The Air Around You Air Quality Air Pressure Layers of the Atmosphere
The Air Around You - Vocabulary Weather – The condition of Earth’s atmosphere at a particular time and place. Atmosphere – The layer of gases that surrounds Earth. Ozone – A form of oxygen that has three oxygen atoms in each molecule instead of the usual two. Water vapor – Water in the form of a gas.
The Air Around You – Main Ideas Earth’s atmosphere makes conditions on Earth suitable for living things. Earth’s atmosphere is made up of nitrogen, oxygen, carbon dioxide, water vapor, and many other gases, as well as particles of liquids and solids.
The Air Around You – Guiding Questions Describe two ways in which the atmosphere is important to life on Earth. What are the four most common gases in dry air? Why are the amounts of gases in the atmosphere usually shown as percentages of dry air?
Air Quality - Vocabulary Pollutants – Harmful substances in the air, water, or soil. Photochemical smog – A brownish haze that is a mixture of ozone and other chemicals, formed when nitrogen oxides, hydrocarbons, and other pollutants react with each other in the presence of sunlight. Acid rain – Rain that contains more acid than normal.
Air Quality – Main Ideas Most air pollution is the result of burning fossil fuels such as coal, oil, gasoline, and diesel fuel. Nitrogen oxides, hydrocarbons, and other air pollutants react with one another in the presence of sunlight to form a mix of ozone and other chemicals called photochemical smog Acid rain forms when nitrogen oxides and sulfur oxides combine with water in the air to form nitric acid.
Air Quality – Guiding Questions How is most air pollution produced? Name two natural and two artificial sources of particles in the atmosphere. How is photochemical smog formed? What kinds of harm does it cause? What substances combine to form acid rain?
Air Pressure - Vocabulary Density – The amount of mass of a substance to a given volume. Pressure – The force pushing on an area or surface. Air pressure – A force that is the result of the weight of a column of air pushing down on an area. Barometer – An instrument used to measure changes in air pressure.
Air Pressure - Vocabulary Mercury barometer – An instrument that measures changes in air pressure, consisting of a glass tube partially filled with mercury, with its open end resting in a dish of mercury. Air pressure pushing on the mercury in the dish forces the mercury in the tube higher. Aneroid barometer – An instrument that measures changes in air pressure without using a liquid. Changes in the shape of an airtight metal box cause a needle on the barometer dial to move. Altitude - Elevation above sea level.
Air Pressure Properties of air include mass, density, and air pressure. Air pressure is the result of the weight of a column of air pushing down on an area. Air pressure is measured with mercury barometers and aneroid barometers. Air pressure decreases as altitude increases. As air pressure decreases, so does density.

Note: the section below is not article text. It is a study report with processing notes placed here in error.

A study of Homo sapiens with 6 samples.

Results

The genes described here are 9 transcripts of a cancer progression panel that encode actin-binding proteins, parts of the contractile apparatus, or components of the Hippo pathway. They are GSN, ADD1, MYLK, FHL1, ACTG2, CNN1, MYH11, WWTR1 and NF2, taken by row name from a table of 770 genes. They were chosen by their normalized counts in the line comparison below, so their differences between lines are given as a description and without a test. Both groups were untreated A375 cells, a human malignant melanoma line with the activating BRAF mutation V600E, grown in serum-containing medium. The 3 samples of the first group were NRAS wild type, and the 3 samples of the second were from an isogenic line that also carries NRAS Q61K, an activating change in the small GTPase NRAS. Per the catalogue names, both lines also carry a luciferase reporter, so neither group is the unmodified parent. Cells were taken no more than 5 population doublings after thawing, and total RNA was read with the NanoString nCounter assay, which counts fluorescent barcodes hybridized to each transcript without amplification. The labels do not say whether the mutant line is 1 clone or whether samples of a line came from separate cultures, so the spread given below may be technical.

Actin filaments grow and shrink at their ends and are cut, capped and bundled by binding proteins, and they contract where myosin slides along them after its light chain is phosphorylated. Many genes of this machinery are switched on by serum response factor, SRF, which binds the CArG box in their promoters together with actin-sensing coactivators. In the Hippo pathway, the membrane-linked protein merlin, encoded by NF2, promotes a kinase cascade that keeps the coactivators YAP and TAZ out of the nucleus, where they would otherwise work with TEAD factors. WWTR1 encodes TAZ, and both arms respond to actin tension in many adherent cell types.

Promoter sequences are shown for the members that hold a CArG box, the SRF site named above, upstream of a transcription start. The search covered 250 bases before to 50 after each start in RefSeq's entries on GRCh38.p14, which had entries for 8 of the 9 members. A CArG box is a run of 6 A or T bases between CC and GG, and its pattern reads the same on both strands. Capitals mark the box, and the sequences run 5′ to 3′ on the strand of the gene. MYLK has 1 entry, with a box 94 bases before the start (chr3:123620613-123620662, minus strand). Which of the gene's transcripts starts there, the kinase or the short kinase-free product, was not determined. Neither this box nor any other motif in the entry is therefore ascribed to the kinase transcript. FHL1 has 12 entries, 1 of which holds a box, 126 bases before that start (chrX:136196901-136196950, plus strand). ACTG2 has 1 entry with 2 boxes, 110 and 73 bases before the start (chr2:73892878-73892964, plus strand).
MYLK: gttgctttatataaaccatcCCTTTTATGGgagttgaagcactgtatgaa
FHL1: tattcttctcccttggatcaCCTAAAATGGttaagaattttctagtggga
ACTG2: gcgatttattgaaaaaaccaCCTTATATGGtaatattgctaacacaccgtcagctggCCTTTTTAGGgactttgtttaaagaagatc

Air Pressure – Guiding Questions How does increasing the density of a gas affect its pressure? Describe how a mercury barometer measures air pressure. Why is the air at the top of a mountain hard to breathe?
Layers of the Atmosphere - Vocabulary Troposphere – The lowest layer of Earth’s atmosphere, where weather occurs. Stratosphere – The second-lowest layer of Earth’s atmosphere; the ozone layer is located in the upper stratosphere. Mesosphere – The middle layer of Earth’s atmosphere; the layer in which most meteoroids burn up. Thermosphere – The outermost layer of Earth’s atmosphere.
Layers of the Atmosphere - Vocabulary Ionosphere – The lower part of the thermosphere, where electrically charged particles called ions are found. Aurora borealis – A colorful, glowing display in the sky caused when particles from the sun strike oxygen and nitrogen atoms in the ionosphere; also called the Northern Lights. Exosphere – The outer layer of the thermosphere, extending outward into space.
Layers of the Atmosphere The thermosphere is composed of the ionosphere (80-550 km) and the exosphere (above 550 km) Mesosphere (50-80 km) Stratosphere (12-50 km) Troposphere (0-12 km)
Layers of the Atmosphere – Main Ideas The four mail layers of the atmosphere are classified according to changes in temperature. These layers are the troposphere, the stratosphere, the mesosphere, and the thermosphere. Rain, snow, storms, and most clouds occur in the troposphere. Ozone in the stratosphere absorbs energy from the sun.
Layers of the Atmosphere – Main Ideas Most meteoroids burn up in the mesosphere, producing meteor trails. The aurora borealis occurs in the ionosphere. Communications satellites orbit Earth in the exosphere.
Layers of the Atmosphere – Guiding Questions Describe one characteristic of each of the four main layers of the atmosphere. What is a shooting start? In which layer of the atmosphere would you see it? What is the aurora borealis? In which layer of the atmosphere does it occur?